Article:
Sobin Sabu, ICTI Research Associate

Kite flying is one of the top childhood memories for everyone. Kids love the challenge and the thrill of getting the kite up and into the air. “We have seen as children that when flying a kite there is a lot of pulling power from the wind. This pulling power and lifting forces of the wind can be used to generate a cheap and abundant supply of electricity”, says Sobin Sabu Thankachan, Research Associate at International Centre for Technological Innovations, researching on Airborne Wind Energy Systems (AWES).

In a lab prototype developed by Sobin and his team, the kite is connected to a tether which is wound over a shaft at the ground station. When the kite pulls upwards the tether unwinds from the shaft resulting in its rotation. This rotation is converted to electricity using a generator. However, the device made by Sobin needs to be upgraded to a fully automatic system to make it more user-friendly. The Kerala Startup Mission of Government of Kerala has awarded him a grant funding for further research and development.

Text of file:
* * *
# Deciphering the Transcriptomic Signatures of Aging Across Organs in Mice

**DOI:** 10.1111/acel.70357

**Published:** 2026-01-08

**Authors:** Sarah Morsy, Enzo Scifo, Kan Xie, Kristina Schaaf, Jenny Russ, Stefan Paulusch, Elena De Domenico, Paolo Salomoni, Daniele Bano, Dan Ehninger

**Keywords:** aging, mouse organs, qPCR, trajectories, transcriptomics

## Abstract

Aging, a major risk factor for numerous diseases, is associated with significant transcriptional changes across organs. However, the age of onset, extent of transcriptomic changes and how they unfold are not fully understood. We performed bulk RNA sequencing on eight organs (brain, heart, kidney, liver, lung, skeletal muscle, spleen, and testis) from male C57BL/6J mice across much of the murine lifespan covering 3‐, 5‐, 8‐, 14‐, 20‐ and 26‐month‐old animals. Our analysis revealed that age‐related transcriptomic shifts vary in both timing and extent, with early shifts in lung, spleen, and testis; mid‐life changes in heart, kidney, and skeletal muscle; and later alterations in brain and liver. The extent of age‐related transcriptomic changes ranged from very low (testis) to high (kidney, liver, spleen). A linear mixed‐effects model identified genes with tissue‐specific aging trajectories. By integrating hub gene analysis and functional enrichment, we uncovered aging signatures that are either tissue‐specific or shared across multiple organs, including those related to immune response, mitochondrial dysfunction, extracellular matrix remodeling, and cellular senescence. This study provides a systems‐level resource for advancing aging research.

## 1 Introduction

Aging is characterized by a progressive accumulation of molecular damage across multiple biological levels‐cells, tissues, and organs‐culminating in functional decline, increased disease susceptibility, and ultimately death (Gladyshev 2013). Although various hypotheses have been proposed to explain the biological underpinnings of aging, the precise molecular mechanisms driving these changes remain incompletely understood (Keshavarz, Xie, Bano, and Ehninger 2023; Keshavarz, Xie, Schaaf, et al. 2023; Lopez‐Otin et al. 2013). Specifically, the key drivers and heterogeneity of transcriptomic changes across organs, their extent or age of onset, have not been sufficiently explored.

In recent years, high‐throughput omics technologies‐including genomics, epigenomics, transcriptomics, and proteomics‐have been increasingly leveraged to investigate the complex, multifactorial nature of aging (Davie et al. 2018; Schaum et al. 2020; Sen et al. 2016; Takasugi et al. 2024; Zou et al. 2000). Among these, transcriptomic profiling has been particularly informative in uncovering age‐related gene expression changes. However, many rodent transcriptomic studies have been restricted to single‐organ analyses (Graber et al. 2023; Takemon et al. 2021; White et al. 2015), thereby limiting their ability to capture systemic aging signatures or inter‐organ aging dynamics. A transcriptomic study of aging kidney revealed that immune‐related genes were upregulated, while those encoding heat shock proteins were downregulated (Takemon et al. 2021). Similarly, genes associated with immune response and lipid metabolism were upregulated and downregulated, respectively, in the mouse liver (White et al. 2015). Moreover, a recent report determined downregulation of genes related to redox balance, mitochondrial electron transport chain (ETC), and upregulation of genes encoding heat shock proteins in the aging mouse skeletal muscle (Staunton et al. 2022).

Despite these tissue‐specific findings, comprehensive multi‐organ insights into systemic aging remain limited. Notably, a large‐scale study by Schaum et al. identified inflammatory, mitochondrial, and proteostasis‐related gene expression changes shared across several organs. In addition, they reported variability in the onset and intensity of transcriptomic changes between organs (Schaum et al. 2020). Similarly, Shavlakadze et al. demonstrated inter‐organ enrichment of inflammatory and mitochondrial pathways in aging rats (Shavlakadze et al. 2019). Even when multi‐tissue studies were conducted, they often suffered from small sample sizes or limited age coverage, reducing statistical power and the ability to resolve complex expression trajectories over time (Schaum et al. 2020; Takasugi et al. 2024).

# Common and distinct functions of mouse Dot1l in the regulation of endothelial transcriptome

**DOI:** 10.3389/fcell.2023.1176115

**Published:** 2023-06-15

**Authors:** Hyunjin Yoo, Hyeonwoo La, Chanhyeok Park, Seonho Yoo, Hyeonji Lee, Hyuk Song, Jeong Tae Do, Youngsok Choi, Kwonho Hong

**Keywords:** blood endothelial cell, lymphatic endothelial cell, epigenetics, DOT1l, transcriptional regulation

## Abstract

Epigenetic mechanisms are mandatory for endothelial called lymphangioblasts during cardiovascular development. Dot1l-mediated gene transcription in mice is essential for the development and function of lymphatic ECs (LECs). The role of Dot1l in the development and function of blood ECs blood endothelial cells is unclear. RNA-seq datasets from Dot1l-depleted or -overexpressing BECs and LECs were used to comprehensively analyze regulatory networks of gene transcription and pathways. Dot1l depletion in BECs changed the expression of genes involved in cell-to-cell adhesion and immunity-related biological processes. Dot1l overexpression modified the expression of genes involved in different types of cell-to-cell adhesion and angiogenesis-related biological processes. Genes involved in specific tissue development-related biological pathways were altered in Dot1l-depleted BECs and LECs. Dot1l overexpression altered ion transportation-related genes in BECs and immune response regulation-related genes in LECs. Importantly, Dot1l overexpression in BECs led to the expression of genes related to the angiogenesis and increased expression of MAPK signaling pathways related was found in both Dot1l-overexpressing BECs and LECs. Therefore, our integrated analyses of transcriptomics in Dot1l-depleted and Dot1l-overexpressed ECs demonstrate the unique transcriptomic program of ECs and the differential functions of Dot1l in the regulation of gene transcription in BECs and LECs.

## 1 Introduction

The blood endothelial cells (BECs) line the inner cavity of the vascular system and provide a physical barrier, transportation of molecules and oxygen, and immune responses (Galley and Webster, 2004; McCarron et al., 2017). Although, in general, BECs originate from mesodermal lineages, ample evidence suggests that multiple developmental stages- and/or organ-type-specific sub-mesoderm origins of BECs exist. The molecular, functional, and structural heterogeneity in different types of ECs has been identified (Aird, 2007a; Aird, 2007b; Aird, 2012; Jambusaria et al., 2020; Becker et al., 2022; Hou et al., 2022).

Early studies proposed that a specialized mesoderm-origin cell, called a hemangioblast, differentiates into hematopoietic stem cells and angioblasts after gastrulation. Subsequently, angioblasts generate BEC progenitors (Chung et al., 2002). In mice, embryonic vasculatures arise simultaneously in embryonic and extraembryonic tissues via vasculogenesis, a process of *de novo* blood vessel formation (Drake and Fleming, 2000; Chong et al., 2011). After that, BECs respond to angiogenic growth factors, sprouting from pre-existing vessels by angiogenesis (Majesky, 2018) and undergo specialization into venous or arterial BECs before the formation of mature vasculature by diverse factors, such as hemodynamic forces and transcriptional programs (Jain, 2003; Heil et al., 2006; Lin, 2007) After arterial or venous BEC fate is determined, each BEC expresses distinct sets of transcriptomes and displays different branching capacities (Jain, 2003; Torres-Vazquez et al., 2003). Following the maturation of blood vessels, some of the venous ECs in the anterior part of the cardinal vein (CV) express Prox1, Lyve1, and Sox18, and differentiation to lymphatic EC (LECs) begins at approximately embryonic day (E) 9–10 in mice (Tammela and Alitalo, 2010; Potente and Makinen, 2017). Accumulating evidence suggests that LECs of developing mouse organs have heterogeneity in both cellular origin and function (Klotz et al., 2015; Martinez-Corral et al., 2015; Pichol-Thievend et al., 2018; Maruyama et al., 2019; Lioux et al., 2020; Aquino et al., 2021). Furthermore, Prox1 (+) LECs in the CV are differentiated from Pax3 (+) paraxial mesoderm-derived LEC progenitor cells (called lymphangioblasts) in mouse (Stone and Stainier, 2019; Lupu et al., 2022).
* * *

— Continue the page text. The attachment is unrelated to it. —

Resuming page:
Sobin developed an interest in renewable energy during his pre-final year at engineering college. “I found renewable energy as a fascinating field when I realized that it is the best way I could serve humanity and the Mother Earth using the skills and passion I have as a mechanical engineer” says Sobin. “But the costs of existing technologies are very high, so new innovative technologies that provide cheap clean energy must be developed and I believe it is the future”.

There are three main advantages to the AWES over conventional wind turbines: it reaches higher altitudes, uses less material, and is more aerodynamically effective. The winds are stronger higher up, producing more energy. The ground station of AWES also takes up considerably less ground space than a conventional wind turbine. AWES eliminate 90% of the materials of conventional wind turbines, which makes them both cheaper to produce and easier to install in more locations. Experts predict that each individual energy kite will generate 50% more energy. An Italian company KiteGen Research made a similar prototype using a kite of area 50m^2 and produced 3MW electricity. Moreover, they claim that more electricity can be produced using larger kites. Many universities and companies around the globe are investing in the research and development of this technology namely TU Delft University Netherlands, Google Makani Power, NASA Langley Research centre, Altaeros Energies and so on.